Tuesday 15th May 2018

Some New Zealanders are convinced IV vitamin C is the reason for their cancer regression - but what does the science say? 

 

Photo: Charles Deluvio / Unsplash

Since my Fransplaining Science column about vitamin C and colds, I’ve had loads of questions surrounding the claims that vitamin C can prevent, or even cure cancer. 

There are many clinics around New Zealand that offer - for a price - intravenous injections of vitamin C. Some promise the treatment will stop cancer growth and shrink tumours to remission. 

This is considered an ‘alternative treatment’ by medical professionals, and in the past I have completely dismissed it as bogus. Yet some New Zealanders are convinced IV vitamin C is the reason for their cancer regression, (others not so much) so I set about investigating. 

This area of research started back in the 1970s, based on the observation that tumours, removed from mice and other animals, contained a high concentration of vitamin C. The idea was that because the tumours had such a high concentration of the vitamin, it must lead to a depletion of levels in healthy cells - especially those of the immune system that can potentially halt or prevent cancerous cells from growing.  

Initial studies suggested ingesting vitamin C could increase cancer survival from 50 days to 210 days, but it turns out these studies were massively flawed. They were performed by one group of researchers, unblinded. This means the researchers knew who was taking vitamin C and who wasn’t. Such knowledge is well known to cause major bias in the reporting of outcomes. Even worse, the control group started off with more severe tumours than the test group - so it isn’t surprising these people died earlier. 

When reliable blinded studies were performed in 1979, with careful tumour matching between a placebo-control group and a vitamin C consuming group, there was absolutely no change in the symptoms described by patients, the performance of the patients, their appetite, weight nor their mortality. Ingesting 10 grams of vitamin C by mouth was shown to be an ineffective treatment or cure for cancer.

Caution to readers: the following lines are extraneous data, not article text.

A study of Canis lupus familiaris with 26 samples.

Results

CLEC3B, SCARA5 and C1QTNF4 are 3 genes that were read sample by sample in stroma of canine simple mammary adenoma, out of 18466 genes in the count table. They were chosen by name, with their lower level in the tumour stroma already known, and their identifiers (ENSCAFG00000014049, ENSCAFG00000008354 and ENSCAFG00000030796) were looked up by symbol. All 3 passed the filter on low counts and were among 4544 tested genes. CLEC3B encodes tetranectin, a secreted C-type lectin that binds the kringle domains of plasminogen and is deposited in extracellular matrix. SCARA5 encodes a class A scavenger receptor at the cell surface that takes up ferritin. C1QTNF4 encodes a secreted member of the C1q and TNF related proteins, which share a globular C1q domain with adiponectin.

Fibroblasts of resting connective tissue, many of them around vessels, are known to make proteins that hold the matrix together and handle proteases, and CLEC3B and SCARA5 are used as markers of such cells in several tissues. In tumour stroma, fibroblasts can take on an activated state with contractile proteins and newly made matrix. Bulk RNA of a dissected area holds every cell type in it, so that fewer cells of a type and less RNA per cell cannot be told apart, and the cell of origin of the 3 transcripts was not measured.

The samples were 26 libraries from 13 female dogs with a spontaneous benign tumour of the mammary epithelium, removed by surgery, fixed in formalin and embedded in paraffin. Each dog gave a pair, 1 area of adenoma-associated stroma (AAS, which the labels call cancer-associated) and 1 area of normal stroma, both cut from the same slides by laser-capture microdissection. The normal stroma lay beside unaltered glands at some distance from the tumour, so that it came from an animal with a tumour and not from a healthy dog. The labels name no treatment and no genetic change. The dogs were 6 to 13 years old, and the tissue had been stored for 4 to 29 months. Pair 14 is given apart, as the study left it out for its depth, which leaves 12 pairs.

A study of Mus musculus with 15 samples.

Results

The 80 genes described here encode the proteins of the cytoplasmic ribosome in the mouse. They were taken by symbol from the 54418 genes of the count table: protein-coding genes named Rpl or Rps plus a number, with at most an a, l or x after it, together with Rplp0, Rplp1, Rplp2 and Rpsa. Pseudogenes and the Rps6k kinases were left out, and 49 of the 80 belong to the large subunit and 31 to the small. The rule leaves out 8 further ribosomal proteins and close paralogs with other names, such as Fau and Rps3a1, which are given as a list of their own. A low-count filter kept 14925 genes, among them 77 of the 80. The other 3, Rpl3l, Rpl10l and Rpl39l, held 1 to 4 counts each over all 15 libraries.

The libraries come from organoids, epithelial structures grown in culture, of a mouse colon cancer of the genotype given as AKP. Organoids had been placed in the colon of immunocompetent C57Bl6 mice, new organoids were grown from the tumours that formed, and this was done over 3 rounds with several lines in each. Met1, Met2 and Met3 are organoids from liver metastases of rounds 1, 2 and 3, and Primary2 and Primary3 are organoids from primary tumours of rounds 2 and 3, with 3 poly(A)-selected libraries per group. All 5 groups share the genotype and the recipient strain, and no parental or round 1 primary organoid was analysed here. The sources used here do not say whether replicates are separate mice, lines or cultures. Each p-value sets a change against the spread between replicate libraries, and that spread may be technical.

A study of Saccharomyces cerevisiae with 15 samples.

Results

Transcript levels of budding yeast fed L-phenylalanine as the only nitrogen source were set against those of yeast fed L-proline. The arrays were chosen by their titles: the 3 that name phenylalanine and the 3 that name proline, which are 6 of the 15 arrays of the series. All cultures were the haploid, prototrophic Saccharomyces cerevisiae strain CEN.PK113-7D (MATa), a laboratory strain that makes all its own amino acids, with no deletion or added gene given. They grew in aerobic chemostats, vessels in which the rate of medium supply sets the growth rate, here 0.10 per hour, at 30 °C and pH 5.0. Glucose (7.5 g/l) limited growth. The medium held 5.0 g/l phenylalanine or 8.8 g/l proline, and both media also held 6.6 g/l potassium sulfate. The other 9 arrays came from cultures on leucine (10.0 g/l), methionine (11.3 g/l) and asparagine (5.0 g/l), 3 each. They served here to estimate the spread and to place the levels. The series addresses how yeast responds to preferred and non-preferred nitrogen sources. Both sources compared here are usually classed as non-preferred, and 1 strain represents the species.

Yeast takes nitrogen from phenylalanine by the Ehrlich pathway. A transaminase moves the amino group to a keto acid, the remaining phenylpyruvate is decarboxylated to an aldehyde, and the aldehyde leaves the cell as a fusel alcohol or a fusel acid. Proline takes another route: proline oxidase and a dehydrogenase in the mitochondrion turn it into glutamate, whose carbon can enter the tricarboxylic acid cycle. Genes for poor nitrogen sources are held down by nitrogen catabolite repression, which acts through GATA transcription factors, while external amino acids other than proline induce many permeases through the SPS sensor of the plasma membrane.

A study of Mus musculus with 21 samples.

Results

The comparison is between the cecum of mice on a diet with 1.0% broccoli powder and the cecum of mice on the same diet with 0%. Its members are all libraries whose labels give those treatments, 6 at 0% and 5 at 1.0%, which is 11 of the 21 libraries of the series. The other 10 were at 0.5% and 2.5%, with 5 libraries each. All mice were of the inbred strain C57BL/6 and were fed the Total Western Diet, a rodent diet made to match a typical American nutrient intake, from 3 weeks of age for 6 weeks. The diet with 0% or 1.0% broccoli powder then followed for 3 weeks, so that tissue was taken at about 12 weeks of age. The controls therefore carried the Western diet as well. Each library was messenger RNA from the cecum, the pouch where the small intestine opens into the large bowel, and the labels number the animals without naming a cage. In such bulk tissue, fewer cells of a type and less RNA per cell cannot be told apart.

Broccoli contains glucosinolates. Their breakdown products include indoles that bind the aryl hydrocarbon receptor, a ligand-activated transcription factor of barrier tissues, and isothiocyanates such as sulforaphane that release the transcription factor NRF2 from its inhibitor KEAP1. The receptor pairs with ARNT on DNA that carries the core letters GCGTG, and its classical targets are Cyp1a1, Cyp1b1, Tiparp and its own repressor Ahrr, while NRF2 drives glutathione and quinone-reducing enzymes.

READ MORE: Fransplaining Science: So, will coffee give me cancer now? 

Yet the hype surrounding this vitamin did not die with this seemingly convincing result. Vitamin C anti-cancer advocates decided it wasn’t enough to consume vitamin C orally, but that it was more effective to inject “pharmacological doses” (thousands of times more than what you could absorb through your stomach) directly into the bloodstream via intravenous (IV) injection. 

I was not able to find out the actual amounts of vitamin C that clinics around NZ are injecting into their sick patients. But Phase I clinical trial evidence shows that IV injections of 60g of vitamin C into a person per day is at least tolerated, so is not harmful to patients. 

The idea that such high doses of vitamin C could be helpful is based on scientific research performed on immortal cells growing within a laboratory environment. These cells are used routinely in the early stages of biomedical research to establish the potential of a possible treatment and to understand in what ways a given molecule acts to exert its effect. 

The addition of high concentrations of vitamin C to the cells, was shown to halt the growth of some cancer cells, while healthy cells survived. The concentration of vitamin C required for a ‘killing effect’ to be seen was very high - so high, in fact, that if this was any other compound being investigated for anti-cancer properties, modifications to the structure and biochemical properties of the compound would likely be made to try to improve its killing-power. A “good” potential compound for a start point towards a therapy is typically one that acts at very low concentrations when used in cell-based studies.

This brings us to today, where we have clinics around the world injecting sick people with high doses of vitamin C, some anecdotal claims of cures, but no robust scientific studies to support this practice. This is now an area in which a lot of ongoing (and thankfully more reliable) research is taking place. There are Phase II clinical trials underway, that are being performed in a manner that will provide some clear answers. But unfortunately for us, we have to wait and see, as these trials are not due to be completed and published for a couple of years. It may be that, in combination with chemotherapy or other drug combinations, an IV injection of vitamin C could possibly promote a better outcome. But at this stage, it’s purely speculation. Today, the research that is trustworthy suggests IV vitamin C injections do nothing to prevent, halt, or reduce cancers of any type. 

As I mentioned in an earlier column, scientific knowledge can evolve and change. At this point in time there is no evidence to suggests that vitamin C IV injections are a viable therapeutic option. In my personal opinion, clinics charging individuals thousands of dollars for an unproven treatment are acting unethically.